One size doesn’t fit all when it comes to activities
By Rick Lauber
Cinderella’s evil step-sisters tried in vain to squeeze their feet into the glass slipper in hopes of winning the handsome prince. Both step-sisters were, of course, unsuccessful as, when it comes to footwear, one size doesn’t fit all. Such is the case with social interaction for all of us.
However, if there is one thing that COVID-19 has taught us, it’s that most of us enjoy and even thrive in the company of others. Medical experts and scientific research both tell us that reduced social interaction can lead to loneliness and, worse yet, personal isolation, depression, loss of sleep, and even a shortened lifespan. Perhaps now more than ever, motivating older adults to participate, and providing a variety of person-centered ideas and recreational activities can really make a difference.
What’s suitable for your senior? The answer will greatly depend on their current abilities, personality and lifestyle. Do they live alone, or with others? Are there local events and activities that they might enjoy? Here are a few things to ask yourself:
What is their physical health like?
Certain health conditions can slow physical movement or require a mobility aid such as a walker, wheelchair, or motorized scooter. Creative thinking ahead of time can result in modified or appropriate activities to avoid disappointment or frustration.
Is there a concern about their mental health?
Participation can become compromised as a result of reduced understanding or focus, and/or confusion. As my father’s Alzheimer’s disease progressed, explaining a more complex activity would have been impossible. Instead, I chose other activities like reading out loud to Dad, looking at pictures or playing music.
Think about personality traits
Family and professional caregivers need to consider the person and be patient when it comes to getting loved ones to try new things or meet new people. Are they shy and reserved? Outgoing? Depressed? Angry? Do they prefer to stick with same old, same old? Is their style to follow a routine (lunch at noon followed by yoga class with the same teacher and group every Friday), or do they prefer different activities and diverse company. Are there any cultural considerations you need to keep in mind?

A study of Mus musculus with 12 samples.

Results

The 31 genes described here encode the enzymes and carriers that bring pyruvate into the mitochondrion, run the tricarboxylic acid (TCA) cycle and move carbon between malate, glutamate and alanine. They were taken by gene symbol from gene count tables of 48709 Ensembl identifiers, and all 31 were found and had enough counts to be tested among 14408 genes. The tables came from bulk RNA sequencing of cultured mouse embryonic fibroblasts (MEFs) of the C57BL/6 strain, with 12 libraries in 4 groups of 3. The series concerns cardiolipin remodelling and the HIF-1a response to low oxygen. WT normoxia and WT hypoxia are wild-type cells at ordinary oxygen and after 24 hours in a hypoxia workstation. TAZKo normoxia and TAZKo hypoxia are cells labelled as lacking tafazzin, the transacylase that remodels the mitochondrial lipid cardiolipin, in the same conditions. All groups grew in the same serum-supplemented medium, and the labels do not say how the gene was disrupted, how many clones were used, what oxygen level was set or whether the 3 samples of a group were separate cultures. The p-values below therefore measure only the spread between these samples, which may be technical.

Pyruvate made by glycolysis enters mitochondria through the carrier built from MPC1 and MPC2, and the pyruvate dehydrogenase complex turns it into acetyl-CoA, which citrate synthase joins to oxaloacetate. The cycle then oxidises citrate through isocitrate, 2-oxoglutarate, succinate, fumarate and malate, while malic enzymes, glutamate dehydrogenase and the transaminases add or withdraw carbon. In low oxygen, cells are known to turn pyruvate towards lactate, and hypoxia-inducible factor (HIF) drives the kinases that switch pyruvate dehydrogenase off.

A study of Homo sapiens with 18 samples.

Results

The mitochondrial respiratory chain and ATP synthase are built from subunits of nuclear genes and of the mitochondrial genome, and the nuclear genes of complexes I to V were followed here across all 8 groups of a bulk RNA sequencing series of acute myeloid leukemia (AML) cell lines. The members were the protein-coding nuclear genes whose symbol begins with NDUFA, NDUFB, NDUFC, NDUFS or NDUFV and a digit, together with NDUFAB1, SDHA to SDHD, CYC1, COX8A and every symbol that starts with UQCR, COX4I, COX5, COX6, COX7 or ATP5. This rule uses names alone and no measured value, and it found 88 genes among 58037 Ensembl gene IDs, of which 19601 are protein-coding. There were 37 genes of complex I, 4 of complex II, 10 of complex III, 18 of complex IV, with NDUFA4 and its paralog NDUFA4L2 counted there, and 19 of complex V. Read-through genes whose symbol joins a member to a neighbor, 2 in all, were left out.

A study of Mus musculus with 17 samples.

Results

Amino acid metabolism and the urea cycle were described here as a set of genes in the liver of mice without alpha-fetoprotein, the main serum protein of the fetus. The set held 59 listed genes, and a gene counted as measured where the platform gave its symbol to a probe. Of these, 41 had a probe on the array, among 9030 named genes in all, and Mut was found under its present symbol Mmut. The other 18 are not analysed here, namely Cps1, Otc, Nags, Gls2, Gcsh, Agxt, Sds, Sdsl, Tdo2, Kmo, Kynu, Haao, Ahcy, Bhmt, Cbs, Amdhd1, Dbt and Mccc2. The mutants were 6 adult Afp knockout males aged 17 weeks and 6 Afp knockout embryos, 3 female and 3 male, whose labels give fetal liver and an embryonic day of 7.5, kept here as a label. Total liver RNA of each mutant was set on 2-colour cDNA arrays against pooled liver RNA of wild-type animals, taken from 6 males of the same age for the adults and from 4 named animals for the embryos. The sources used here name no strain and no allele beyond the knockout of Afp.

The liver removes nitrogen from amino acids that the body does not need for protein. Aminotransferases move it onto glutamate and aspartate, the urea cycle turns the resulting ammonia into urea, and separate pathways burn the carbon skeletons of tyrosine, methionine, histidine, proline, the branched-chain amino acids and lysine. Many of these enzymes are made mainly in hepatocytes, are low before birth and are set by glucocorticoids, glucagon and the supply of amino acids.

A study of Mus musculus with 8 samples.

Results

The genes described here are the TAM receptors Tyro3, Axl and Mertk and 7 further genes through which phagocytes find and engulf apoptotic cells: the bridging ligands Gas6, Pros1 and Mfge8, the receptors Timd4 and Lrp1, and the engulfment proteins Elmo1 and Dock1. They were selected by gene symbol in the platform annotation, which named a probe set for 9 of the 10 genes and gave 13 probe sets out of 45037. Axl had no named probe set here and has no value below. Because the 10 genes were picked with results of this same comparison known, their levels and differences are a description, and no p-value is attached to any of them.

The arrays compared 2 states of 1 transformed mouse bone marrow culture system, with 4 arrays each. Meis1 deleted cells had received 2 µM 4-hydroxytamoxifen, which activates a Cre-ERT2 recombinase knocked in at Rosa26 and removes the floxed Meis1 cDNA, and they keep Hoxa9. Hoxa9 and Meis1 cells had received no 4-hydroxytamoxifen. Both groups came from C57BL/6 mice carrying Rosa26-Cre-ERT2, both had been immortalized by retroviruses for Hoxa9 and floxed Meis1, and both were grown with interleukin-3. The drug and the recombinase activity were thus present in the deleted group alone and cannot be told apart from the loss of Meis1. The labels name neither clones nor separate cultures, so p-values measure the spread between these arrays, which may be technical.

Background, habits and hobbies
Most adults have lived rich lives and have a lot to share based on their life experience. If you can, get them talking about their travels and the places they’ve been. How many times have we heard, “Oh I wish I’d asked them more about”…after someone has passed? Take time to learn more about their interests, hobbies and even life’s work. You’ll be amazed at who some seniors have met in their lives, who they’ve worked for and what they’ve had the opportunity to explore or learn about. Why not let them share some of their wisdom, advice and very interesting tales. It will be time well spent for both of you.
Consider the person
For introverts, small gatherings will be best. One-on-one meetings for conversation are ideal; however, small group classes can also work—perhaps you or caregivers can arrange a friendly card game with three or four others (close friends will be the best guests as they will be the most familiar). Audiobooks are a quiet activity that involves private listening. Painting or drawing might be of interest or playing the piano/singing. Going for a stroll became my favourite thing to do with my father. Despite his worsening dementia, Dad remained physically active and loved getting out to stretch his legs. Walks could be easy meanders around the block or gentle hikes on slightly more strenuous nature trails. These were always followed up with a trip for ice cream or a specialty coffee!
For extroverts, it’s about regular companionship. Extroverted seniors could attend—or possibly help plan—a party or event with others. Outings can also be effective, safe and invigorating if supervised. Families and/or caregivers can accompany an older adult to a museum, a concert, a recreation centre, a baseball game, or a neighbourhood coffeeshop. Dancing and/or game nights are other enjoyable ventures.
While COVID-19 has resulted in the stiffest restrictions ever on larger gatherings, we have all learned that virtual get-togethers are still quite feasible if the right equipment and set-up support are available. Think tablets, to access Zoom and Facetime for now.
For ambiverts (or those with a balance of introverted and extroverted features), you’ll find they can thrive on both activity and quiet time. As a result, they may be the easiest to please being happy as the life of the party or a laid-back wallflower. You could take an ambiverted senior to a movie, the mall, an art gallery, or the park where others will gather but not necessarily chat.
Rick Lauber is a book author and an established freelance writer. He has written two books, Caregiver’s Guide for Canadians and The Successful Caregiver’s Guide (Self-Counsel Press).